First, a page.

Six Reasons why Paul Sturdivant should be strung up Fallujah style

I really try to steer clear of the Daily Beacon as much as possible. Sure I might read some of the left leaning columnists from time to time, and I will read any forward of a story about campus activism. But at the end of the day my mental health is better off if I pretend that the inane views presented in what is (despite glorious efforts by its most wonderful editor - seriously) a read conservative shit rag.

But much like a dry drunk, I sometimes find myself reading it, not knowing why, how, or even where I got the copy from. Usually it takes a swift kick in the ass from some racist and or sexist asshole to jolt me out of my falling-off-the-bar-stool-but-asking-for-another-round trance.

Well, unbeknownst to me one of the left leaning columnists wrote this article on Monday. Pretty straight forward - I don't like the use of "Hispanic" and I think there in something intrinsically racist about the use of the term "minorities" in American public discourse, especially when talking about the first nations as "minorities," but these are differences I have with definitions used in the broad discourse, not the author himself (note difference between "minorities" and national minorities). When it comes to the crux of his column, I think that he hits the nail on the head by explaining the importance of racism in the development of America.

Like I said before, this article wasn't even on my radar screen until I grabbed the Beacon on my way back from lunch and masochistically flipped to the Letter to the Editor section. It was there that I found this gem:

Playing victim 'bad' for America
Dear Editor,
Six reasons Jeff Cohran's Monday column "Ethnic bias persists, spotlights another minority group" is wrong and bad for America:
1. Settlers did not understand the impact of germs on an indigenous Native population. The death of natives was largely accidental.
2. Manifest destiny was a term used to justify political expenditure to purchase lands west of the Mississippi from foreign nations.
3. Many Americans appreciate the hard-working hispanics in this nation. The problem arises because of pay issues due to the Democrats' ridiculous minimum wage requirements.
4. White Americans had nothing to do with the slave trade until late in the game. Get mad at the Dutch and the Portuguese if you want to complain.
5. You are not more a slave than I am. Don't you dare ask me to give you anything, especially "reparations."
6. Where are the Muslim leaders coming out against the pointless killing of democracy-seeking Iraqis?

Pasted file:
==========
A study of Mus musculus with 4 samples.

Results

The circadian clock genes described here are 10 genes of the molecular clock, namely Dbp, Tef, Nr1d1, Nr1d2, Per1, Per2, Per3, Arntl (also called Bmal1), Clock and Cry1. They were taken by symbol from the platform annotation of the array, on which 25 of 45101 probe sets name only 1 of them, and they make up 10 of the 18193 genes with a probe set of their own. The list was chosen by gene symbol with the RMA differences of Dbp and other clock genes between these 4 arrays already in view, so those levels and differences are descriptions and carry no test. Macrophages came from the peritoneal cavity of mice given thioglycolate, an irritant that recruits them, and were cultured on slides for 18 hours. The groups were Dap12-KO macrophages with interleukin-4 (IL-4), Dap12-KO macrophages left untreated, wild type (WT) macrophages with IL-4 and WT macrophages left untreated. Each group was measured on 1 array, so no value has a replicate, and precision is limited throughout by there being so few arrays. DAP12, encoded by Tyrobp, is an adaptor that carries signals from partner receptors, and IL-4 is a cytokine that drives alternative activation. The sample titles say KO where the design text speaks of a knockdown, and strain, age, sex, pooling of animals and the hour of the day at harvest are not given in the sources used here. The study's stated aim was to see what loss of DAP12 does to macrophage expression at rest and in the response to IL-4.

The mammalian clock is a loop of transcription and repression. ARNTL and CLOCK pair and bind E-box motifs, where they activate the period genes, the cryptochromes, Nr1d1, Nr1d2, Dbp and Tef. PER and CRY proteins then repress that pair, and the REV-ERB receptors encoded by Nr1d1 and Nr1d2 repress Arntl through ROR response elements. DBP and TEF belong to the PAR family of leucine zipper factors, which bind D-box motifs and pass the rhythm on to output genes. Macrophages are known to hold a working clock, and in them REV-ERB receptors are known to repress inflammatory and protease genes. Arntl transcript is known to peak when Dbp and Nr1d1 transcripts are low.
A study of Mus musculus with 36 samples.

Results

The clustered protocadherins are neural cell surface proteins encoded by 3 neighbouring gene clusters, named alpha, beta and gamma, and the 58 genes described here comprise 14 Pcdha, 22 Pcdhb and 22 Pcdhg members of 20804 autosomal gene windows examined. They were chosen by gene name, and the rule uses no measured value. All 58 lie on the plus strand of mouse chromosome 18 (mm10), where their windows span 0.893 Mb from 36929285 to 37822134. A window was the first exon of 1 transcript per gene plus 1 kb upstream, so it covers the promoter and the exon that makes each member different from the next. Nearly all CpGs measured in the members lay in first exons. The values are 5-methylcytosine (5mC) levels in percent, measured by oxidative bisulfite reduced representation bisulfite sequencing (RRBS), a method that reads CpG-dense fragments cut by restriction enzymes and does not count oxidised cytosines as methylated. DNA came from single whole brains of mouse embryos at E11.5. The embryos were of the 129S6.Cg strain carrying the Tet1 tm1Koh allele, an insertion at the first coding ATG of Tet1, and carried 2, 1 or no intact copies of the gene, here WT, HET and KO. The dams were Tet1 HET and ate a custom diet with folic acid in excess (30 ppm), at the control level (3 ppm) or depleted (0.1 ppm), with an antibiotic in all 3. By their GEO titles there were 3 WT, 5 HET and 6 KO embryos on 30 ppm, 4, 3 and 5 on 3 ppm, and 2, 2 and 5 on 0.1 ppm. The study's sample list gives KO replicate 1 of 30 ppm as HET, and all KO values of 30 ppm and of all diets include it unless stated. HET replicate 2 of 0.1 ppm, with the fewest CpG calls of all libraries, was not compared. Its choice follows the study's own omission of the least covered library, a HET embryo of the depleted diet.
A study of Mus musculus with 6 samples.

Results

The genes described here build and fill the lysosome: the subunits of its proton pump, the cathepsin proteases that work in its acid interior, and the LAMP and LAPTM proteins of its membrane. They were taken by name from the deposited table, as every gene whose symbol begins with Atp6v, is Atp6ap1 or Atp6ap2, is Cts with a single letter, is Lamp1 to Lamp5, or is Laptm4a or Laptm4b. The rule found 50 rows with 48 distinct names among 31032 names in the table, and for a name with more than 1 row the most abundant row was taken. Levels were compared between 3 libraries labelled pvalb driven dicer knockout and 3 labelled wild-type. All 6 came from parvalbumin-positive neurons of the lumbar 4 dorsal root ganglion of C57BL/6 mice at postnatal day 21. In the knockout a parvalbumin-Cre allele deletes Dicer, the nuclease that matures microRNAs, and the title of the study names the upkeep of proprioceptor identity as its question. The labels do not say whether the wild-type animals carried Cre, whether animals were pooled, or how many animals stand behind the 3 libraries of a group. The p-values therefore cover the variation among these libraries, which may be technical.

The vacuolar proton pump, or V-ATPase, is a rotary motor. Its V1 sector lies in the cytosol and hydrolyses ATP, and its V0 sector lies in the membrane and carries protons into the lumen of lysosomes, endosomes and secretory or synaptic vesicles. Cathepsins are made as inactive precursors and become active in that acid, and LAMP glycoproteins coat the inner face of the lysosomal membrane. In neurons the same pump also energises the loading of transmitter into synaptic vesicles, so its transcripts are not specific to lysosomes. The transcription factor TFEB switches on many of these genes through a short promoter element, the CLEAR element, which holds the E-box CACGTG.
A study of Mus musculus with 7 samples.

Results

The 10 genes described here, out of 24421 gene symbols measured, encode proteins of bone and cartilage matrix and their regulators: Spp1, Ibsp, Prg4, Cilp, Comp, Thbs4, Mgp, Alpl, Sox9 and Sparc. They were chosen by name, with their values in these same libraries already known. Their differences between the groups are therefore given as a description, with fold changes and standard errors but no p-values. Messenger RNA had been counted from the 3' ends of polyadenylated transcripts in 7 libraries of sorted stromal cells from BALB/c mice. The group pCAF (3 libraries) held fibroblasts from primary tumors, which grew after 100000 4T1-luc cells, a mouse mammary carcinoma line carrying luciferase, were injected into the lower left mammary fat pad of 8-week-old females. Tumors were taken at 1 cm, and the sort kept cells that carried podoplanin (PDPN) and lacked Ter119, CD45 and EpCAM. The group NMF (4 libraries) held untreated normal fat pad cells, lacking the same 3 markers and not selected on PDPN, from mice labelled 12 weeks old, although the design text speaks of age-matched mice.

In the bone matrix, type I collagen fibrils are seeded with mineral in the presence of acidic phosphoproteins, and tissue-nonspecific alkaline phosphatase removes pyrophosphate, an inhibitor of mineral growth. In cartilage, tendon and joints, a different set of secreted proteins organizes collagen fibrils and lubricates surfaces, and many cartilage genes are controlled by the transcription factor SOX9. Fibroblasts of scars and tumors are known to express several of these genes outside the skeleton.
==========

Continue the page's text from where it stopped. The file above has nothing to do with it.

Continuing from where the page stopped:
You must stop playing the victim.

Paul Sturdivant
Sophomore in political science

It is somewhat difficult to pick a place to begin when responding to such mouth diarrhea, so point 1 seems as logical a place as any. As early as the French and Indian war British general Jeffery Amherst was directing his subordinates to cause small pox outbreaks among native populations sympathetic to the French using the blanket method. Not to take Mr. Sturdivant's words out of context, but "the death of natives was largely accidental" is a pretty universal statement, a statement that crumbles under pressure faster than a 60 Minutes story. The wars conducted by the US Army upon both the Sioux and Cheyenne nations completly disprove this statement; and we don't even need to get started on Columbus in the Caribbean, Cortez in Mexico, or Andrew Jackson in the US Southeast.

Turning to point 3, I think that Mr. Sturdivant's racist overtones are apparent and not worth dignifying with a response. However, as a person deeply concerned about wages and national trends that show major declines of real wages since the 1970s, I suggest that Mr. Sturdivant reconsider this hobby of "liberal" bashing; and acknowledge that the only reason global capitalism survived the 1930s, let alone the 20 century was because of liberal economic policies that both prevented all out collapse and repaired some of the damage cause by inherent contradictions and instability found in the market economies he and his ilk hold so dear.

Finally, I have to admit that points 4 and 5 make me a little sick to my stomach. I think that we need to start with definitions. The *transatlantic slave trade* began in late 1492 with Columbus kidnapping a half dozen Anawak people and the trade in stolen Africans had almost completely ended by the 1890s. So I guess if he is trying to make the point that *America* only participated for 100 years in a practice that lasted for 400 years, I might be able to find a sliver of truth in his claim that "white Americans had nothing to do with the slave trade until late in the game." However, such an argument does ignore the hundreds of thousands of British Pounds the Massachusetts puritans made off the trade, the millions made in the sale of tobacco sown and harvested by African slaves, and lived experience of the millions of Africans and their descendants who worked for nothing during the primitive accumulation of American capital.

You know, I am a Dave Chapelle fan and something about Mr. Sturdivant's tone reminds me of a clip from Chapelle's Show, Season One. Dave goes on this episode of the Phil Donahue show titled "Angry White Men," which features, as you might have guessed, white men bitching about how angry they are. Following the clip Dave Chapelle said "I didn't know what to do, I mean do I just strangle somebody or what?" So I have to pose that question, when it comes to mother fuckers like Paul Sturdivant do we just strangle somebody, or what?

All's I gots to say is this here:

When it comes down to choosing between a nickle of every dollar I make going to either fund war and genocide or reparations, I choose the latter, thanks. Hell.

Preach it, brother! His "ilk!" hah! I luv it!